The six-armed Tertial chandelier we mentioned almost two years ago was distinctive but achieving a clean look with this one was problematic. To create the above six-armed chandelier also took a lot of time. It also means that the electrical wiring could get complex.
Jason created this combo chandelier from three IKEA Tertial work lamps. Using three lamps instead of six cuts down on the visual clutter significantly. These lamps have been fixed upside down to create the chandelier. The Tertial lamps are quite cheap, costing $8.99 each, meaning that the resulting light fixture is quite affordable. Jason's goal was to create a cheap, classy, and beautiful lighting fixture. He uses a dimmer to make the whole thing adjustable.
The trick to this lamp is the base, which he made out of plywood. The base is made out of a ring and disk, which were glued together. This creates a hollow base for all of the electrical wiring. You'll have to drill three holes for the lamps and one for the screw that will attach the base to the ceiling. To hold all of the lamps together, he used a bicycle wheel spoke, but any kind of metal wiring can be used for this.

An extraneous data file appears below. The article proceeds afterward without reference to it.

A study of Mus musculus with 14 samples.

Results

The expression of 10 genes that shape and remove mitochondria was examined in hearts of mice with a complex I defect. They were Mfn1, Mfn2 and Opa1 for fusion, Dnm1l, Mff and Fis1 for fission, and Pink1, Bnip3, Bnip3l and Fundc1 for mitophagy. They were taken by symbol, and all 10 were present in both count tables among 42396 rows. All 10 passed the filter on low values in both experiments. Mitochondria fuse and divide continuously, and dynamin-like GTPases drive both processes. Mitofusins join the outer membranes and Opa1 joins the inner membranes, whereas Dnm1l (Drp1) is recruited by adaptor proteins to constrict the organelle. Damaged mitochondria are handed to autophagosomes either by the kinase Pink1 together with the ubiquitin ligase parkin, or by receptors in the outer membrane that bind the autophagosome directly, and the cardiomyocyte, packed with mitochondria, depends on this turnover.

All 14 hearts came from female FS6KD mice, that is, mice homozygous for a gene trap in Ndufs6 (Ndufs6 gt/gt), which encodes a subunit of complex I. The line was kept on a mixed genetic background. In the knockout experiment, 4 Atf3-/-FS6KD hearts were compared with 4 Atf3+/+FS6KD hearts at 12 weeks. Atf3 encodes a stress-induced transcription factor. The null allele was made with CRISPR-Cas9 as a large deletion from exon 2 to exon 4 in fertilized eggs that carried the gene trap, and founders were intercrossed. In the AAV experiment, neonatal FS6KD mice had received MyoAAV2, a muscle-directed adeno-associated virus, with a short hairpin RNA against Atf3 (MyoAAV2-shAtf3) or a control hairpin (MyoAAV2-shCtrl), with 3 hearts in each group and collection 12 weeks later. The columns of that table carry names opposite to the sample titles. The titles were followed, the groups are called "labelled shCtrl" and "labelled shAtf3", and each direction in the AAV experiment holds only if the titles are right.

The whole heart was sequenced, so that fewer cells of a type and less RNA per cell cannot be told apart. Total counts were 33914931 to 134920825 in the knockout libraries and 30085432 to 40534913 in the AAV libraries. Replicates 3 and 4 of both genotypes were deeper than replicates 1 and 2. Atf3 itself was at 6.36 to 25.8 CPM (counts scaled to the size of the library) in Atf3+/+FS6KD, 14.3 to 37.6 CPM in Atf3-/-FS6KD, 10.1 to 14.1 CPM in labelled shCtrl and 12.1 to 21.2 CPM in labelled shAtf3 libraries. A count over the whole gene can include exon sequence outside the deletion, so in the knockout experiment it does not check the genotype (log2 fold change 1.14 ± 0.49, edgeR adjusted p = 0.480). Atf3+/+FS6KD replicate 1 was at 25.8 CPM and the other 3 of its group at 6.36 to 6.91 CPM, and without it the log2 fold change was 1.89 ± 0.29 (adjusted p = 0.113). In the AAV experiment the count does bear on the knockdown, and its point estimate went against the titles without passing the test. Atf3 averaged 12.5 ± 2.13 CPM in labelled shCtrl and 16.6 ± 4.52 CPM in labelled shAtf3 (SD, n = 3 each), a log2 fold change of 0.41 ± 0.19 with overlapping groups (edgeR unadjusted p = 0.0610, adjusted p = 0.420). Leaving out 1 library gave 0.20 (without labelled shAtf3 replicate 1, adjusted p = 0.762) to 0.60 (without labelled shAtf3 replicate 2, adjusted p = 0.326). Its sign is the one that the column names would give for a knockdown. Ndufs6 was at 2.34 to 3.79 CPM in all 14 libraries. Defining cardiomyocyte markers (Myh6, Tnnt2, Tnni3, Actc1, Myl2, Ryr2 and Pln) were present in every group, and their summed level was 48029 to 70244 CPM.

This chandelier is a sharp contrast to the six-armed Tertial we mentioned before. Using six arms makes the chandelier look like something out of science-fiction or that belongs in A Clockwork Orange. The arms were also mounted the opposite way, meaning that they would be arching down towards the floor. This could create problems if your ceiling isn't high enough.
Another favorite of ours is the Mason Jar chandelier. It was put together using a IKEA Kroken utensil rack and an Hemma cord set. The Tertial chandelier has the benefit of being cheaper, but the Mason Jar chandelier will certainly pop in anyone's home.